Police Unearth Evidence Of Illegal Animal Transfers At ‘zoo Of Death’

3rd March 2014
“We have found sufficient evidence to raise the status to a full investigation,” Adj. Sr. Comr. Farman, the Surabaya Police’s chief of detectives, told the Jakarta Globe on Sunday.

Farman said it appeared that the zoo, under the then-management of a caretaker team led by Tony Sumampau, the director of Taman Safari Indonesia, had violated the 1990 Natural Resources Conservation Law, which prohibits the trade in certain endangered species.

The law also stipulates that wildlife can only be traded with wildlife and not with other items.

Farman said police had found evidence that some animals from Surabaya Zoo were traded by officials for motor vehicles.

He said police had also obtained documents showing some animals had been sold for cash.

Another document showed Surabaya Zoo had agreed to transfer 34 animals to Pematang Siantar Zoo in North Sumatra in exchange for 200 stuffed animals.

Tony denied the allegation that the trades carried out under his management were illegal, saying they were made in the best interests of the animals, given that one of the main problems experts had long identified at the zoo was its inability to properly care for all of its animals.

He added that transfers out of Surabaya were based on recommendations from an independent team of experts, set up by the Forestry Ministry, to evaluate the health of the animals and the management system in place at the zoo.

“The team made many recommendations, including one that suggested releasing or trading species if their numbers were too high,” Tony said.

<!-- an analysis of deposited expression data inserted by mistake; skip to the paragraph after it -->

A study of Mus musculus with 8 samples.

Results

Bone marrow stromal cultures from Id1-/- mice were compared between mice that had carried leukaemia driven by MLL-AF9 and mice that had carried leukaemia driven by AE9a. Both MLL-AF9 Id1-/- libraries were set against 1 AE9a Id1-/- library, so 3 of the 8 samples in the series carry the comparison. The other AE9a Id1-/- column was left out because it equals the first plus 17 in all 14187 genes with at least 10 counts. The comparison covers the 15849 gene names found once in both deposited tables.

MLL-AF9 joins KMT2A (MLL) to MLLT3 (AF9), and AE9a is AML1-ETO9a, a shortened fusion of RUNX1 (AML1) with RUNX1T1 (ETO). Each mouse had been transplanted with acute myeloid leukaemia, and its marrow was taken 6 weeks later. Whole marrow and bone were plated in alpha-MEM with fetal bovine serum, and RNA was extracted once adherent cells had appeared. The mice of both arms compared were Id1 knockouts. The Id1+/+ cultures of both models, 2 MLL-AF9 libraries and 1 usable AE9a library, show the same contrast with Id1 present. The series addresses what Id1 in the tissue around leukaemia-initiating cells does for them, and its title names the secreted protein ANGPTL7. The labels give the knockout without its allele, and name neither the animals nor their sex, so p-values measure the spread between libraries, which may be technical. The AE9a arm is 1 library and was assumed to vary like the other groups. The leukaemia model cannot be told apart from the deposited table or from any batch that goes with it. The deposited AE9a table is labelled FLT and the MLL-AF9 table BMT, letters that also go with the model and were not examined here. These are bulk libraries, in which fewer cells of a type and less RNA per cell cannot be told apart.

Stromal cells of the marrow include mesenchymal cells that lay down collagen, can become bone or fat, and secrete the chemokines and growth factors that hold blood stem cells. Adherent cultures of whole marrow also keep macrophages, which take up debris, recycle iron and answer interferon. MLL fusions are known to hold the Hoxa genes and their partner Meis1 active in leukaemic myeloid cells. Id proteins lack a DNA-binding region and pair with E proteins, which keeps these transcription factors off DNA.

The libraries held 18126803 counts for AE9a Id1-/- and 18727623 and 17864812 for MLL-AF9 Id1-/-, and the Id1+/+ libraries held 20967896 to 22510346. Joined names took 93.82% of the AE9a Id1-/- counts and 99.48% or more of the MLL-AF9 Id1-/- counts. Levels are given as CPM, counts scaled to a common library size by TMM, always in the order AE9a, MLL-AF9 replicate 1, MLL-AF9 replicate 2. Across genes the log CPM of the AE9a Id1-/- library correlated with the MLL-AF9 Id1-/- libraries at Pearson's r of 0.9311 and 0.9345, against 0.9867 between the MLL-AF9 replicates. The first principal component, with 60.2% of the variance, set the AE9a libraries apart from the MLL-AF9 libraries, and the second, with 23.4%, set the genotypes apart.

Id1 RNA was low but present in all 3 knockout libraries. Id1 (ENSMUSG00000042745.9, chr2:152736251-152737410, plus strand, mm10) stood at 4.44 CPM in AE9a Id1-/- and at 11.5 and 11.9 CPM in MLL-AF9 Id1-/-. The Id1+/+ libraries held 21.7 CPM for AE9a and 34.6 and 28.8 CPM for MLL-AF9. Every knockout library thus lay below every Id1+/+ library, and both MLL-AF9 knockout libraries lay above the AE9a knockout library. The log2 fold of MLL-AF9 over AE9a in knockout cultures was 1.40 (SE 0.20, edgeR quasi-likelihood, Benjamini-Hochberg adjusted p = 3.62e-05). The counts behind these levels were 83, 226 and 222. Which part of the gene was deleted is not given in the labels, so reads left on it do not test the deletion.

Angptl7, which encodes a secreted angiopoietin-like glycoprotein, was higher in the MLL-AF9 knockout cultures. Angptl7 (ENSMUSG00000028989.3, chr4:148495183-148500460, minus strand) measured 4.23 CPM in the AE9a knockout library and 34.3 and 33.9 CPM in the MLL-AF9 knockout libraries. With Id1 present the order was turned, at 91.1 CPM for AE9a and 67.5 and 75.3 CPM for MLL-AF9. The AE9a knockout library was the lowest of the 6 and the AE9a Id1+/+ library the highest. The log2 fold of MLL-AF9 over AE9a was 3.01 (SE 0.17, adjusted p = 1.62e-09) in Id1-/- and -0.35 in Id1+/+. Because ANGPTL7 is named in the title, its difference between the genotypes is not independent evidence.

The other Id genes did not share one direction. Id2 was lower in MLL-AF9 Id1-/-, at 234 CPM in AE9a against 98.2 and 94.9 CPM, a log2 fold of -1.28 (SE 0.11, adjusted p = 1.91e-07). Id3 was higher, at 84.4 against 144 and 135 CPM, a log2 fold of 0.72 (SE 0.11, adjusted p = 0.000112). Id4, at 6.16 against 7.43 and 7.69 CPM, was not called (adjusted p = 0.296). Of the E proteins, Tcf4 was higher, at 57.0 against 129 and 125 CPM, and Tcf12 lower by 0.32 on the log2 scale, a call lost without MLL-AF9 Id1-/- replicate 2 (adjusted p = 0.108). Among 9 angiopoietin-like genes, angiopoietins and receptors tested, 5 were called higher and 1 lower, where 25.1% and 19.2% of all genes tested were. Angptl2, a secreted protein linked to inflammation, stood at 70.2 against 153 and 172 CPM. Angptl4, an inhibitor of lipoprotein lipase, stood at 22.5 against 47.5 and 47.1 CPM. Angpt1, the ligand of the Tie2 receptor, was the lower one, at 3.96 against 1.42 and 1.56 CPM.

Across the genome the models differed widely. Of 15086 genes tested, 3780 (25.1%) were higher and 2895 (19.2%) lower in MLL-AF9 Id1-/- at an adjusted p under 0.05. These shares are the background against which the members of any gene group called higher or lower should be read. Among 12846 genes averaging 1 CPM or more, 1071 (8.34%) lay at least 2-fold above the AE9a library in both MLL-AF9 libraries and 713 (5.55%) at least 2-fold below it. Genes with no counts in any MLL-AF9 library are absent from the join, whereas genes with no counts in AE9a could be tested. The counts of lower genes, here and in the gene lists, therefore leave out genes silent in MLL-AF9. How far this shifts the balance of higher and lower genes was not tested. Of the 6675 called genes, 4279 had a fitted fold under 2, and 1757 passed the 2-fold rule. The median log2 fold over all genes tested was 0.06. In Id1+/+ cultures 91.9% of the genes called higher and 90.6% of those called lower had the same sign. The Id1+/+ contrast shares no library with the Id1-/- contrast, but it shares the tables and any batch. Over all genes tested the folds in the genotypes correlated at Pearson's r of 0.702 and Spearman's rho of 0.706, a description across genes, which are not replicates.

“If anything, I regret that the recommendation is no longer being carried out by the current management.”

Surabaya Zoo has in recent years come under international scrutiny for the high rate of horrific animal deaths there.

The latest death came on Thursday night, when a badly malnourished white female tiger named Chandrika died after essentially starving to death.

“She had problems with her tongue and lost some of her teeth because of her old age,” Liang Kaspe, the zoo’s operations director, told the Globe on Friday.

“Food often fell out of her mouth because of her damaged tongue.”

But a source at the zoo told the Globe that officials had ignored Chandrika’s plight, refusing to give her medical attention for an infection that began on her shoulder three months earlier and later spread to her mouth after she licked at it.

“Chandrika was not taken care of by a medical team as required,” the source said, speaking on condition of anonymity. “She needed emergency care.”

Tony concurred, saying he felt sorry for Chandrika “because she never received medical treatment.”

Zoo spokesman Agus Supangkat told the Globe that the animal had likely died from pneumonia.

“We’re also looking for other possible causes to strengthen the diagnosis,” he said. “We have sent her body organs to a lab at Airlangga University [in Surabaya] to get the right diagnosis” on the cause of death.

Liang said the pneumonia became deadly because of Chandrika’s malnourished condition, adding the zoo had never weighed the animal.